When the fifth Olympic ring failed to unfurl at the Sochi Winter Games' opening ceremony on Friday like a crumpled, stillborn star, it seemed a physical manifestation of the embarrassments that plagued Russia throughout the run-up — the unfinished sites, terrorism fears, and unjustifiable costs; the crackdown on LGBT rights, political opposition, and the free media. A designer tweeted a mockup of the failed ring as an asterisk leading to a footnote: "We didn't steal it, we just didn't manage to build it on time." State TV sheepishly cut to a shot from a rehearsal.
Despite the hitch, however, the ceremony was a delightful embodiment redolent of the rich history, cultural depth, and boundless, madcap charm that have always enticed foreigners to Russia. The show's director, state TV impresario Konstantin Ernst, said he wanted to show the world an "expression of love for our homeland" on behalf of "real Russians, untainted by decades of propaganda and the Cold War."
That, judging by the ceremony, meant a Russia that was unabashedly European. The only Russian leader to make an appearance was its great modernizer, Peter the Great, who was shown storming across the sea to found St. Petersburg, Russia's first consciously European city. Dancers from the Bolshoi Theater acted out the ballroom scene from War and Peace. Russia's modernist art scene, arguably the most advanced in the world before it was quashed by Stalin's socialist realism, featured heavily, too, with names like Chagall and Eistenstein prominent in the run-through of the Cyrillic alphabet and the early Soviet period an homage to the Suprematism of Kazimir Malevich.
Like so many of the best Russian exports, it was often impenetrably quirky too. A bizarre dreamlike sequence among cupolas in psychedelic colors ended with a girl ascending into the sky clinging to a balloon. Giant and terrifying mascots lumbered across the stage, including an apparently stoned bear. Nods to famous Russians like Dmitry Mendeleev, inventor of the periodic table of elements, and helicopter designer Igor Sikorsky were accompanied by wilfully obscure references to Soviet children's' books and stilyagi, the short-lived hipster movement that sprung up after Stalin's death in 1953.
By celebrating the Russia we know and love, however, the ceremony also reminded us of how often Putin's Russia falls short of that ideal. Its aesthetic and apolitical tour through Russia's past, especially its tactful elision of World War II, came as a great relief given how aggressively the Kremlin uses its monochromatic interpretation of history as a nationalist wedge. Its European bent was a stark contrast from Russia's hostile tone towards the West, which Russian officials seeking to redefine Russia as a bulwark of conservative values routinely accuse of fomenting unrest and forcibly introducing gay marriage in the post-Soviet sphere.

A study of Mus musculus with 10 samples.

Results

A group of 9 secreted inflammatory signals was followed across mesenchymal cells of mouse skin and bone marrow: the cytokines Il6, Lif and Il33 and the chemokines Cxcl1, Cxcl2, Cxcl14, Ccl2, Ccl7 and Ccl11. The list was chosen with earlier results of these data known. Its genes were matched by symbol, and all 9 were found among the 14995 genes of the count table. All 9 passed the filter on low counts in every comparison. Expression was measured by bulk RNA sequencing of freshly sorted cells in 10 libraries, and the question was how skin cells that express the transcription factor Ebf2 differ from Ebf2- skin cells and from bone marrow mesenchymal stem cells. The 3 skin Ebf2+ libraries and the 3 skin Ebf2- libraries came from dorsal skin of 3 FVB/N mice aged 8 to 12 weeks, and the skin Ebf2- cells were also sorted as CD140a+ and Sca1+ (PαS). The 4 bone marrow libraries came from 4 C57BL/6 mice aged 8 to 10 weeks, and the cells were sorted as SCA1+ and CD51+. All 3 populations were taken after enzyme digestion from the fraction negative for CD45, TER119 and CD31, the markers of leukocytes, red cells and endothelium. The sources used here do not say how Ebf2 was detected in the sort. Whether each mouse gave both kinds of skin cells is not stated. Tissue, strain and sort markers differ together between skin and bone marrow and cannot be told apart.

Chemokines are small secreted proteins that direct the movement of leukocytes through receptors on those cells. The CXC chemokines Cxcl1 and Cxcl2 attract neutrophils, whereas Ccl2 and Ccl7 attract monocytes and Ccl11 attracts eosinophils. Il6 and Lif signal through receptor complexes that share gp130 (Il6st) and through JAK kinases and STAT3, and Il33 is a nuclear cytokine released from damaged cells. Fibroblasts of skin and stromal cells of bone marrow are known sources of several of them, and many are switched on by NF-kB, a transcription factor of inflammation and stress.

And, in the end, Ernst's impeccable style could only do so much when Russia's substance is determined elsewhere. The Olympic Charter limited Putin to a single sentence of boilerplate comments, but the ceremony's finale undoubtedly bore his stamp. Olympic flag-bearers included Russia's two most rabidly pro-Putin cultural figures, film director Nikita Mikhalkov and conductor Valery Gergiev, as well as a state TV reporter, Anastasia Popova, known for her favorable coverage of Syrian president Bashar al-Assad. Four of the athletes who carried the Olympic flame are also lawmakers who voted to ban "gay propaganda" and adoptions of Russian orphans by Americans, Putin's signature brazen anti-Western moves since returning as president in 2012.
These are Putin's Games: The Russia Sochi will present to the world is ultimately up to him. Signs until Friday night had not been promising. On Wednesday, his spokesman Dmitry Peskov recalled a recent conversation with a "wise man" (it's not hard to guess who) about Russia's struggles with its international image.
"'Do you know,'" Peskov recalled him saying, "'when everyone will love us and stop criticizing us and so on, including criticizing us for no reason? 'When?' I asked. And he said, "When we disband our army, grant them access to all our natural resources, and sell all our land to Western investors - that's when they'll stop criticizing us.' But that'll never happen," Puskov drolly added.
Peskov declared Saturday that Putin was so delighted with the opening ceremony that he had "no quibbles" to make. That's a fairly ominous approval, sure — but a sign he knows, on some level, that there's still so much about Russia that the rest of the world loves just as much, too. Let's hope he doesn't forget that.